Popular Dive/Snorkeling Sites

By October 1, 2014Charter News, Diving

  • Wreck of the RMS Rhone. Before she was sunk here during a hurricane, the Rhone had been the pride of the Royal Mail Steam Packet Company and carried 313 passengers. During the storm she hit Salt Island, was broken in two and promptly sank. Today her two halves are well preserved on a sandy bottom and her steel wreckage has become home to myriad species of fish and encrusting corals. The Rhone is now a marine park that is part of the B.V.I. National Parks Trust, and is perfect for a two-tank dive. The bow section, which lies in about 80 ft of water, reveals the coral encrusted cargo hold and other interior chambers. Outside, a careful survey of the wreckage reveals the ships fore mast complete with crow’s nest, and it’s bowsprit lying in the sand. The stern section contains the ship’s once- powerful engine, her prop shaft and enormous propeller.

  • Blonde Rock is another favorite. It is a pinnacle between Dead Chest and Salt Island which rises from a depth of 60 feet to a mere 15 feet below the surface. It’s rock ledges, tunnels, caves, and overhangs are home to crabs, lobsters, beautiful fan corals and hordes of reef fish.

  • Painted Walls is a shallow dive off the southern point of Dead Chest. Here divers delight at the kaleidoscope of colors created by encrusting corals and sponges on the walls of four long gullies. The depth ranges from 20 to 30 feet.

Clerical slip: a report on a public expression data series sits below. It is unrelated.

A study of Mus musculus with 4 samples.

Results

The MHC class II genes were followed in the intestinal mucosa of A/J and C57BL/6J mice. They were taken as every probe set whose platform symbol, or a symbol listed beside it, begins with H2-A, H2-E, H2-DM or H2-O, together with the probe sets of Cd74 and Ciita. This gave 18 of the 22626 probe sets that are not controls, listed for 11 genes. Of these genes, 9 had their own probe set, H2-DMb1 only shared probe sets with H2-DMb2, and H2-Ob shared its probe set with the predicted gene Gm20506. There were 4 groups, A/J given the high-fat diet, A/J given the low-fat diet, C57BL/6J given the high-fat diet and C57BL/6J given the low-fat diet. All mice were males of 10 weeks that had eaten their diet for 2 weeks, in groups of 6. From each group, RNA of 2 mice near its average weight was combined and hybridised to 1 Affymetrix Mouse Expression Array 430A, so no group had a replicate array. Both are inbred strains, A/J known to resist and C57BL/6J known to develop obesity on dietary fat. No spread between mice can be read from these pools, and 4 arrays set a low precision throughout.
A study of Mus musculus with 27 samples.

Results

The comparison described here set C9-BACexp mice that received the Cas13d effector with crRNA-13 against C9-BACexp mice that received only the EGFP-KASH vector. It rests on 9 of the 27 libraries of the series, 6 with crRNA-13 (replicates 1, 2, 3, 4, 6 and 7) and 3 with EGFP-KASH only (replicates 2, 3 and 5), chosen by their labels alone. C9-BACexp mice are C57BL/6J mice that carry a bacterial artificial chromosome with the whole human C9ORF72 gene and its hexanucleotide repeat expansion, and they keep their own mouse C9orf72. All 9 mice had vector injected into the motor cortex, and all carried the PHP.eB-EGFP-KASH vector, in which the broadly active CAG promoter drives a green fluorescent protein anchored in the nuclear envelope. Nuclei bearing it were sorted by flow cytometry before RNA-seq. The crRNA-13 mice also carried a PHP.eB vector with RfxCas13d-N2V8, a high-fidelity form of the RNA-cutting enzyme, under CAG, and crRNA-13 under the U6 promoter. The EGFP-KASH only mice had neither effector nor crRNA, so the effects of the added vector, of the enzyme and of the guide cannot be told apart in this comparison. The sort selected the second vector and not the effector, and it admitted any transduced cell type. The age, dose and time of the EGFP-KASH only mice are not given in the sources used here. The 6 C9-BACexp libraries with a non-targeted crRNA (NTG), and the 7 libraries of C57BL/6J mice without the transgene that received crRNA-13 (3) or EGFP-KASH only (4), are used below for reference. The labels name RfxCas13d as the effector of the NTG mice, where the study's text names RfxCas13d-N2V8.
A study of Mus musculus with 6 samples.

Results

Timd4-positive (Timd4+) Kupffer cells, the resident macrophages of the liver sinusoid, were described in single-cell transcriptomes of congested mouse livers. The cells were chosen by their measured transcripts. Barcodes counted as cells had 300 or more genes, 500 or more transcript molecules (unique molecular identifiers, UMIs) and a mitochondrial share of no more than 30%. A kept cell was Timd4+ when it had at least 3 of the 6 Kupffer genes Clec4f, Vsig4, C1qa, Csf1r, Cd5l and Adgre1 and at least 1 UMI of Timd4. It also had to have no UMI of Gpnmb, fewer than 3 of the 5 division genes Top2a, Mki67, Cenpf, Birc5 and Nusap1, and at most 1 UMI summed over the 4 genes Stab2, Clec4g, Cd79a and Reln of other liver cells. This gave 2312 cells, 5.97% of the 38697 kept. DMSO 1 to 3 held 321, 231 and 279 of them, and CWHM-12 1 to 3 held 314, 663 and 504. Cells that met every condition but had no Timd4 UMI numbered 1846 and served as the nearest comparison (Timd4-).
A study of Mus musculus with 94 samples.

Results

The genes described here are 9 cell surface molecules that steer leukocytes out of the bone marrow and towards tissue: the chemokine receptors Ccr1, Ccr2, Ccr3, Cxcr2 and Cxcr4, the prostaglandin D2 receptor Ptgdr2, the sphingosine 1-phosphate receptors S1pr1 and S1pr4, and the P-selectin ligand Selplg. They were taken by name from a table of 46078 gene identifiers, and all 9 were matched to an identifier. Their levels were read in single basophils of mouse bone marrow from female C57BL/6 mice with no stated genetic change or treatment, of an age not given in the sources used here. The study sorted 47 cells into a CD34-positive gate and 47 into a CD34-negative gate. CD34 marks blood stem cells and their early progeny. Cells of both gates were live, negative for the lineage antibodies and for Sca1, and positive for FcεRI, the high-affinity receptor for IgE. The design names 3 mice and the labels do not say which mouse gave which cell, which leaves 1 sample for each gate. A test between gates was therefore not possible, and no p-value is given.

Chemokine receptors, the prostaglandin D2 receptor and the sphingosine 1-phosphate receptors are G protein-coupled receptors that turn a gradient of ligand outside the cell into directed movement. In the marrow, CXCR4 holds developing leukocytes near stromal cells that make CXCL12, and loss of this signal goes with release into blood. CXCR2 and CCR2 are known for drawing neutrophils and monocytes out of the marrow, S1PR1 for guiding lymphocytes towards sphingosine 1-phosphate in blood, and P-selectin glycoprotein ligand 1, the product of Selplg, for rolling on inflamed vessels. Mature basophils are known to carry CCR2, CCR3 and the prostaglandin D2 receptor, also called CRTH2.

• Santa Monica Rock lies about a mile south of Norman Island and is a pinnacle that reaches from about 10 to 100 feet. Because it is on the outer edge of the island chain, it is a good place to see larger open ocean (pelagic) fish like spotted eagle rays, and possibly a nurse shark or two.

  • The Indians. Not far from Peter and Norman Islands, four large, jagged pinnacles protrude from the surface after rising 50 feet from the ocean floor near Pelican Rock. These tooth-like formations yield a series of canyons and grotto which feature both soft and hard corals.

  • The Marie L, Pat and Barge and Grill. This fascinating modern shipwreck site is the resting place of the Marie

    L, a locally owned cargo boat and the Pat, a 75 foot tugboat. These two vessels, which lie side by side with only a narrow gap between, are best viewed from overhead. Located off Cooper Island’s Machioneel Bay and marked by a National Parks Trust mooring, the wrecks lie in calm waters at a depth of 45-90 feet and our considered an intermediate level dive. A third wreck, the Barge and Grill is located a little to the north of the other wrecks.

  • Alices Wonderland. Experienced divers looking for a deep dive,will enjoy this one at South Bay on Ginger Island. The wall here slopes gently downward from 15-100 feet. Huge mushroom-shaped coral give the site its name.

  • Brewers Bay Pinnacle offers spectacular diving when conditions

    are right. Lying about 200 yards off the west point of the bay, this towering rock rises for 90 to 20 feet and abounds with fish life.

  • Great Dog is another good spot for diving beginners. The southern side is a pretty site indeed, divers swim along the parallel reef from 10 feet down to 60 feet.

  • The Chimneys is in the same area. Within this series of arches and canyons, you’ll be dazzled by the colorful soft corals and charmed by the variety of fish.

  • The Chikuzen is one of the British Virgin Island’s truly great dive sites. Lying at a depth of 75 feet, six miles north of Beef Island, the ship was sunk in 1981.The full 246-foot length of this once-refrigerated vessel is teeming with fish of every description. You may see big rays, horse-eye jacks, barracudas and more.